Understanding Medicare Premiums, Deductibles and Copays

The True Cost of Medicare

Medicare's Out of Pocket Costs
Medicare is not free. Learn what you will be expected to pay out of pocket. Jeffrey Coolidge/Stone/Getty Images

As much as people would like to think so, Medicare is not a handout. It is an insurance program and with that comes cost sharing. Cost sharing means that both you and Medicare contribute payments for certain tests and services. Here are the basic costs you should expect to pay for Medicare.

Monthly Premiums 

A premium is the dollar amount you spend every month to have access to an insurance plan, whether that is Medicare or a supplement plan.

If you do not pay your premiums, you will not be covered by that insurance plan. Each of Medicare's parts has a different premium cost.

Part A: For most Americans, Part A premiums are free! This applies to people who have contributed (or their spouse has contributed) 10 years worth of taxes to Medicare. This is measured in quarters, i.e. there are 4 quarters in 1 year. Anyone who contributes less than 40 quarters in taxes will have to pay a monthly premium. In 2016, those who worked 30 to 39 quarters in Medicare eligible employment will pay $226 per month. Those who worked less than 30 quarters will pay $411 per month.

Summary: You could pay anywhere from $0 to $4,932 per year in Part A premiums.

Part B: The cost of your Part B premiums will vary depending on how much money you make and whether or not you are married. The least you will spend each month would be $121.80 in 2016 for single people earning less than $85,000 per year and couples filing jointly who make less than $170,000 per year.

This number increases to $170.50, $243.60, $316.70 and $389.80 per month respectively for those with increasing incomes up to single people earning more than $214,000 per year and couples filing jointly who make more than $428,000 per year.

Summary: You could pay anywhere from $1,461 to $4,677 per year in Part B premiums.

Part C (Medicare Advantage) and Part D: These parts of Medicare are run by private insurance programs. Premiums will vary depending on the plans you choose.

Deductibles 

A deductible is a fixed dollar amount you pay before your insurance benefits kick in for that year. This is a cost that comes after you have already paid your premiums. If you never use your insurance, you will not need to pay a deductible that year but more likely, you will need to access your coverage.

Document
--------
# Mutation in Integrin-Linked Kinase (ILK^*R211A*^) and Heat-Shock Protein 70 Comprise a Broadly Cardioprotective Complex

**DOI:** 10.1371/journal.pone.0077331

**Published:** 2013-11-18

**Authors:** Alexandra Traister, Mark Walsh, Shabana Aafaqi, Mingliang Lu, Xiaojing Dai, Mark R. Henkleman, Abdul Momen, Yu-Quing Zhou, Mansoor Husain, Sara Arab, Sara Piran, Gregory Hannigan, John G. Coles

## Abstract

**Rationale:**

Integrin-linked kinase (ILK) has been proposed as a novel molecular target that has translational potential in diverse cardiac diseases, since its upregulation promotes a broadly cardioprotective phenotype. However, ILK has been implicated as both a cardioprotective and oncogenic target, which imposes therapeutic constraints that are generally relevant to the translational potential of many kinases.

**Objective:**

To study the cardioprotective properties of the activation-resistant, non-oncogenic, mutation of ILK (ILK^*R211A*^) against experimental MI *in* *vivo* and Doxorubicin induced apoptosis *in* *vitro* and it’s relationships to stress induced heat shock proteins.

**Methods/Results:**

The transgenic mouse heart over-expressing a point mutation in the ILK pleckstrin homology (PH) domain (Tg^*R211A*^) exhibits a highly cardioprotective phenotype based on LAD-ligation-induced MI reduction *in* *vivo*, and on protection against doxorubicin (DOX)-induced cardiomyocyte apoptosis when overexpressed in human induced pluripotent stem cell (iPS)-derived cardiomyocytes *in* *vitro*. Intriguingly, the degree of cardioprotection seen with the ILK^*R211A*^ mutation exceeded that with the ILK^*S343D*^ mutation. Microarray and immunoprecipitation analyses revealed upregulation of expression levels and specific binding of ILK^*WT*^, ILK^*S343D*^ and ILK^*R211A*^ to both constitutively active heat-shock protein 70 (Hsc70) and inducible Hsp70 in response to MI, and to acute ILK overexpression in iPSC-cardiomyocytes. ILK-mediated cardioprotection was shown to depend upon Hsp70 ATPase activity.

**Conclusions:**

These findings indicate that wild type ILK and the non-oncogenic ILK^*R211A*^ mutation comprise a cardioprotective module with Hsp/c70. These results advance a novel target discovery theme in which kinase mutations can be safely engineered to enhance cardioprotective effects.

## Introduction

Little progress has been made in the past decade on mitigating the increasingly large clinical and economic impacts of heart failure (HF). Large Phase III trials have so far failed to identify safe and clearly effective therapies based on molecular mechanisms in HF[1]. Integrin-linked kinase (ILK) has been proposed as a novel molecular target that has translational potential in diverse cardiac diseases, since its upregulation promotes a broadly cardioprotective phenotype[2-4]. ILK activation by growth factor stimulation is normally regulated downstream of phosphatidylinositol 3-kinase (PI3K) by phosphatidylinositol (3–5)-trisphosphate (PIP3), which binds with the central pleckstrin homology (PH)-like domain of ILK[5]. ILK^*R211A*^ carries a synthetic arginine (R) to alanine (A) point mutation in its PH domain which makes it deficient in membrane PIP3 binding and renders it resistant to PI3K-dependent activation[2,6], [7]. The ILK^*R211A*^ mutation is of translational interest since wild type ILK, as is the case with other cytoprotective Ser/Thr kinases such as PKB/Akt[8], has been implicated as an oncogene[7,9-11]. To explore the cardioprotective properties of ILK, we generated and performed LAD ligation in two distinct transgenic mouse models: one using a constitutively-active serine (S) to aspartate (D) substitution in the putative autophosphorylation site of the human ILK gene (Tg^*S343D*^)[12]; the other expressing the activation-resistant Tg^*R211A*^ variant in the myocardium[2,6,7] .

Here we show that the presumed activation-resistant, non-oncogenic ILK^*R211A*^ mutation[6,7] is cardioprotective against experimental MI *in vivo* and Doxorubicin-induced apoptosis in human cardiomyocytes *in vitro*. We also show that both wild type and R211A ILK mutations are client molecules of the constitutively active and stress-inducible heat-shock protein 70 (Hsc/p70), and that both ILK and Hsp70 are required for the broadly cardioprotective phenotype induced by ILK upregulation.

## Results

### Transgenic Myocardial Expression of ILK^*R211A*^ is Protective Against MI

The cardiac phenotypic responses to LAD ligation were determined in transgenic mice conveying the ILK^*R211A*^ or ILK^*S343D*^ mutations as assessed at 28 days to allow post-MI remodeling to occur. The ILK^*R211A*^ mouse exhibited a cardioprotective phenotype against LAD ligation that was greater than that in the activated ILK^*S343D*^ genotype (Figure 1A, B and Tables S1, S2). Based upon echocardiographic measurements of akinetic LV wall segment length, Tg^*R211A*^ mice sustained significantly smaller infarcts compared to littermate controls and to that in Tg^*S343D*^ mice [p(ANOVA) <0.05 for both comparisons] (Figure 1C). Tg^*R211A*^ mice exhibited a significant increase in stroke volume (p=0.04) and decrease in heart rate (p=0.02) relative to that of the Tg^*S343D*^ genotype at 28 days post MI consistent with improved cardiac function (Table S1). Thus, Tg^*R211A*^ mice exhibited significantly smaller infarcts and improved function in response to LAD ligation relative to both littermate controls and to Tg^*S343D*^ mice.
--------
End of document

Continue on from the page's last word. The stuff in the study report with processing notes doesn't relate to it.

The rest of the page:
Part A: You will pay a $1,260 deductible for qualifying hospital stays up to 60 days long and $0 for skilled nursing facility stays up to 20 days long after an approved inpatient hospital admission. You could pay multiple deductibles a year if you have multiple hospital admissions.

Part B: In 2016, the deductible for Part B is $166.

Part C (Medicare Advantage) and Part D: These parts of Medicare are run by private insurance programs. Deductibles will vary depending on the plans you choose.

Coinsurance and Copayments

Coinsurance and copayment are terms that are often confused.

A coinsurance is the amount you pay for an item or service as a percentage of the total cost. A copayment is the amount you pay for an item or service at a fixed dollar amount.

Part A: If you stay in the hospital longer than 60 days in 2016, you will pay a Part A coinsurance of $322 each day for days 61 through 90 of your stay while Medicare pays the rest. You will pay $644 per day for days 91 and over. Medicare will only cover 60 of these 91 and over days in your lifetime. After you use 60 of those days, all costs will fall to you. As for skilled nursing home stays, you will pay $161 each day for days 21 through 100 and you will be responsible for all costs after that.

Part B: For the majority of Medicare-covered services, you will pay 20 percent of the cost and Medicare pays the remaining 80 percent. Certain preventive care services are offered without any coinsurance as long as your doctor accepts assignment

Part C (Medicare Advantage) and Part D: These parts of Medicare are run by private insurance programs. Coinsurance and copayments will vary depending on the plans you choose. The majority of drug plans will have you make copayments.